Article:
At BeautyAnswered, we're committed to delivering accurate, trustworthy information. Our expert-authored content is rigorously fact-checked and sourced from credible authorities. Discover how we uphold the highest standards in providing you with reliable knowledge.
A perm and relaxer are different in that perms usually add curl or wave, while relaxers straighten out the waves or curls already present. They also are separated by the chemicals typically used and application, although the line between relaxer and perm types sometimes blurs. The difference in chemicals makes a perm and relaxer distinct based on pH levels and results, as well.
In terms of mechanical manipulation of the hair, a perm and relaxer are very similar. Both work by lifting up the cuticle or outermost layer of the hair strand and breaking the disulfide bonds deeper within the hair that help provide shape. At this point, the reshaping of the hair depends on the position a cosmetologist puts the hair. For a perm, the cosmetologist wraps the hair around rods or rollers. The cosmetologist puts the hair straight with a relaxer, typically through combing, guiding the hair with the relaxer applicator brush or running the product through the hair with her fingers.
Once a perm solution is on the hair for the recommended amount of time, the cosmetologist must apply a neutralizing solution, which typically contains hydrogen peroxide. The neutralizing solution helps most, but not all, of the broken disulfide bonds reform, causing the hair to reshape based on the structure of the rod or roller. With a relaxer, although a "neutralizing" shampoo is used to restore proper pH to the hair, the neutralizing shampoo does not reform the broken disulfide bonds. This means that a relaxer usually creates weaker hair compared to a perm, although this depends on the exact pH and the condition and type of the hair when starting the chemical process.
Another difference between a perm and a relaxer is chemical makeup. A traditional "cold" perm uses ammonium thioglycolate, sometimes called thio or theo. Some perms that are designed to be gentler use glyceryl monothioglycolate instead; these are called acid or acid-balanced perms, depending on the pH. Traditional relaxers use sodium hydroxide (lye), while no-lye relaxers contain other hydroxides such as calcium hydroxide, lithium hydroxide or potassium hydroxide. Some relaxers use ammonium thioglycolate similar to cold perms, simply omitting the rods and rollers to get a straight effect, so technically, there can be overlap between perm and relaxer products.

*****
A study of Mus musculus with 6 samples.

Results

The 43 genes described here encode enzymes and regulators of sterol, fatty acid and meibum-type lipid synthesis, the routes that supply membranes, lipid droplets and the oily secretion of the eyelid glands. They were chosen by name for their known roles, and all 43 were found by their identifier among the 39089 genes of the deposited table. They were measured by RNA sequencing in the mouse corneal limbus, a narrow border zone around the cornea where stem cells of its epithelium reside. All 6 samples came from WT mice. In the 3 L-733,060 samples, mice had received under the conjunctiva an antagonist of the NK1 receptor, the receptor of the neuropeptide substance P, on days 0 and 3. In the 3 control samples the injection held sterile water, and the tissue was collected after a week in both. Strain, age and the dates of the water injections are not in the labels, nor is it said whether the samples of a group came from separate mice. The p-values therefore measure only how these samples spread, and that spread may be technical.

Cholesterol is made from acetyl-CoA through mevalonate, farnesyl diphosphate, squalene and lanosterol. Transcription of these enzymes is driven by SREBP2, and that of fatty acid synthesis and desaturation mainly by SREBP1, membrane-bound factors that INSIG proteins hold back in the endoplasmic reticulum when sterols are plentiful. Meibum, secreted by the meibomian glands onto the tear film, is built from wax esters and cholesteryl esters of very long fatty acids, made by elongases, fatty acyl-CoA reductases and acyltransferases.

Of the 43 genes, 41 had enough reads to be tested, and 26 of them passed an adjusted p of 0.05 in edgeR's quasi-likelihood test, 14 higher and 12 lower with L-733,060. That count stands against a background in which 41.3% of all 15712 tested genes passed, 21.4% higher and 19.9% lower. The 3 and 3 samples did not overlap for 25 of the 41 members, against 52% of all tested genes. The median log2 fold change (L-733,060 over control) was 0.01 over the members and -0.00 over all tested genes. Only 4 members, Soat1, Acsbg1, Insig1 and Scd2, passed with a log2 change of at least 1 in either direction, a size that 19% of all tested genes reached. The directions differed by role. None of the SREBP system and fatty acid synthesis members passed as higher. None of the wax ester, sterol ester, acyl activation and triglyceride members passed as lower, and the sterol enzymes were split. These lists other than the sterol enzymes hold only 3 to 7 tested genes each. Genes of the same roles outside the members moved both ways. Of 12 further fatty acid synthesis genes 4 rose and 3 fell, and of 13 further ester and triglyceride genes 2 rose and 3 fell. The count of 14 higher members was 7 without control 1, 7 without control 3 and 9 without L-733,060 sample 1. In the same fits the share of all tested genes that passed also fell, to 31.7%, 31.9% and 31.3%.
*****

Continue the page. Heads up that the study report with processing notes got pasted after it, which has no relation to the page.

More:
Application between a perm and relaxer varies, as well. Perm solutions are liquid in nature, and cosmetologists squirt the product onto the hair from a bottle in most cases. By comparison, a relaxer is usually a paste, which the cosmetologist mixes just prior to starting the application. The cosmetologist brushes the paste into the client's hair.
In terms of pH, relaxers generally are much more alkaline than perms. A regular lye relaxer has a pH between 12 and 14, while a no-lye relaxer has a pH of 9 to 11. The pH of a traditional or alkaline cold perm is 9.0 and 9.6, which is about the same as the pH for a thio relaxer. Acid-balanced perms weigh in with a pH between 7.8 and 8.2, which technically is still basic. Perms in the acid category have a pH of 4.5 and 7.0.
The pH of a perm or relaxer is important for three reasons. First, the higher the pH, the more damage occurs to the hair and the shorter time usually is necessary for the hair to process, forcing the cosmetologist to work very quickly for even results. Secondly, the higher the pH, the greater the chances are of the product irritating or burning the scalp. Lastly, products with lower pH levels are not suitable for resistant or hard-to-process hair and provide gentler, looser results. Those with higher pH levels are not good for previously-processed, dry, very fine or damaged hair and provide tighter results.